The CCEL Times 5.10 (October 1, 2010)
In This Issue:
From the Director
The relationship between faith and reason is a huge cultural issue these days, with battlefields like evolution and science education making big news. This month's From the Director will touch on the views of Aquinas and Augustine.
In the beginning of his magnum opus, the Summa Theologiae, Thomas Aquinas asks whether "besides philosophy," any further knowledge is required for salvation. Aquinas answers that some truths are "above" human intellect—not that these truths are irrational, but that human beings, by themselves, cannot come to know them. God must reveal them to us. For Aquinas, reason does not "trump" faith, but in some of the most important matters, such as salvation, reason is unable to provide us with answers. For these matters, we must turn to God's revelation.
In On the Holy Trinity, Augustine distinguishes between wisdom and knowledge. For Augustine, knowledge is of temporal, human things, wisdom of eternal, divine things. Augustine notes that one can have much wisdom but lack knowledge, or have much knowledge but lack wisdom. However, true human flourishing involves the eternal and divine God and is consequently tied up in wisdom, not knowledge. Still, both wisdom and knowledge inform one's faith. They are thus not opposed to faith but cooperate with it to both bring a person closer to God and make that person more virtuous.
How do Christians know the Bible is true and comes from God?
Christians call the Bible their Holy Scripture. Historically, this is because Christians believed the Bible to be the only book inspired by God. But what does it mean that the Bible is inspired by God? And why do different Christian thinkers believe it is inspired? And why think it alone is inspired? For generations, Christians have simply wondered: what is special about the Bible that makes it trustworthy? Fortunately, the Christian tradition has spent a long time thinking about these issues. ... Here is a sample of perspectives on the issue. It's a list of different Christian theologians, spanning 1800 years, discussing the importance and inspiration of the Bible.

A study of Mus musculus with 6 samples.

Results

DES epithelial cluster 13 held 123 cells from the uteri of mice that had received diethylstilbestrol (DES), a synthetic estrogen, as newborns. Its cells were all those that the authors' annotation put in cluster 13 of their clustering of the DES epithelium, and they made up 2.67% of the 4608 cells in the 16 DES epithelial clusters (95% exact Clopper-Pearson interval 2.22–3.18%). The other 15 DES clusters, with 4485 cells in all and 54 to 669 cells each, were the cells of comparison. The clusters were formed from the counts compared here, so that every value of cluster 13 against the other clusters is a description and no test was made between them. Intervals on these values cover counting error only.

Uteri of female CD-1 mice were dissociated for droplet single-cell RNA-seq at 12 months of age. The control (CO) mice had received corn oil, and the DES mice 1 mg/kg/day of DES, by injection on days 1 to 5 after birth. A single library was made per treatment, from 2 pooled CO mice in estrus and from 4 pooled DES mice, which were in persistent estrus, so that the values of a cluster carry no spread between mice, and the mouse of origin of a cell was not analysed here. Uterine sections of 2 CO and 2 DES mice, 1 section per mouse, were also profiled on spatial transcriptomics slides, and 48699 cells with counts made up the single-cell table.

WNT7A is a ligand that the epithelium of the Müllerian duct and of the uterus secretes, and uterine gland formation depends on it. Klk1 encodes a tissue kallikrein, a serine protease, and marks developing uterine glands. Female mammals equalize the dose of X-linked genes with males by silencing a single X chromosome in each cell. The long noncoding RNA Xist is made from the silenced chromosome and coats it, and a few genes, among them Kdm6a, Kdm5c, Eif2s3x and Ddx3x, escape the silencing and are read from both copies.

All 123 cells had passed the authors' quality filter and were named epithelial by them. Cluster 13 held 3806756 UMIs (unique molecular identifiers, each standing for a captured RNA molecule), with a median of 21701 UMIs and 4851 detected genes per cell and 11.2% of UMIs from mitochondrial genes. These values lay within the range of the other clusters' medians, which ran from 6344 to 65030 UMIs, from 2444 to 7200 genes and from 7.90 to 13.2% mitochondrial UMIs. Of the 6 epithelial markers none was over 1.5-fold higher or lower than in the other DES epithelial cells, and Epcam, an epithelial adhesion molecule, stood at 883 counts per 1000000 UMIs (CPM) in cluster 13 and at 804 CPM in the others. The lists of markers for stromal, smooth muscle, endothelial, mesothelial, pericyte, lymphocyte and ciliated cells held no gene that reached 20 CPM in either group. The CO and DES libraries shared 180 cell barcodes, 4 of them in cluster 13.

What's NewStory of Our Hymns by Ernest Edwin Ryden
The hymn lore of the Christian Church offers a fascinating field for profitable research and study. To know the hymns of the Church is to know something of the spiritual strivings and achievements of the people of God throughout the centuries. Henry Ward Beecher has well said: "Hymns are the jewels which the Church has worn, the pearls, the diamonds, the precious stones, formed into amulets more potent against sorrow and sadness than the most famous charm of the wizard or the magician. And he who knows the way that hymns flowed, knows where the blood of true piety ran, and can trace its veins and arteries to the very heart." This volume has been inspired by a desire on the part of the author to create deeper love for the great lyrics of the Christian Church.
Read this classic at the CCEL
Featured HymnCome Thou Fount by Robert Robinson (1735-1790)
Robert Robinson wrote this text in four stanzas for Pentecost Sunday in 1758 when he was a pastor in Norwich. ... This fine text about divine grace and providence contains various biblical images: Christ is the "fountain of life" (Ps. 36:9; Zech. 13:1) from which "streams of mercy" come. But Christ is also our "rock" (often used in the psalms along with "mount" or "Ebenezer," which means "stone of help"); he "rescues me from danger." Christ also "sought me when a stranger" (Col. 1:21) and "binds" or "seals" his own even when they are "prone to wander" (see Matt. 18:11-14). That phrase may have had special meaning for Robinson, who became successively a Calvinist Methodist, Congregationalist, Baptist, and finally a Unitarian.
Featured ClassicPreface to the Letter of St. Paul to the Romans
by Martin Luther
This letter is truly the most important piece in the New Testament. It is purest Gospel. It is well worth a Christian's while not only to memorize it word for word but also to occupy himself with it daily, as though it were the daily bread of the soul. It is impossible to read or to meditate on this letter too much or too well. The more one deals with it, the more precious it becomes and the better it tastes. Therefore I want to carry out my service and, with this preface, provide an introduction to the letter, insofar as God gives me the ability, so that every one can gain the fullest possible understanding of it. Up to now it has been darkened by glosses [explanatory notes and comments which accompany a text] and by many a useless comment, but it is in itself a bright light, almost bright enough to illumine the entire Scripture.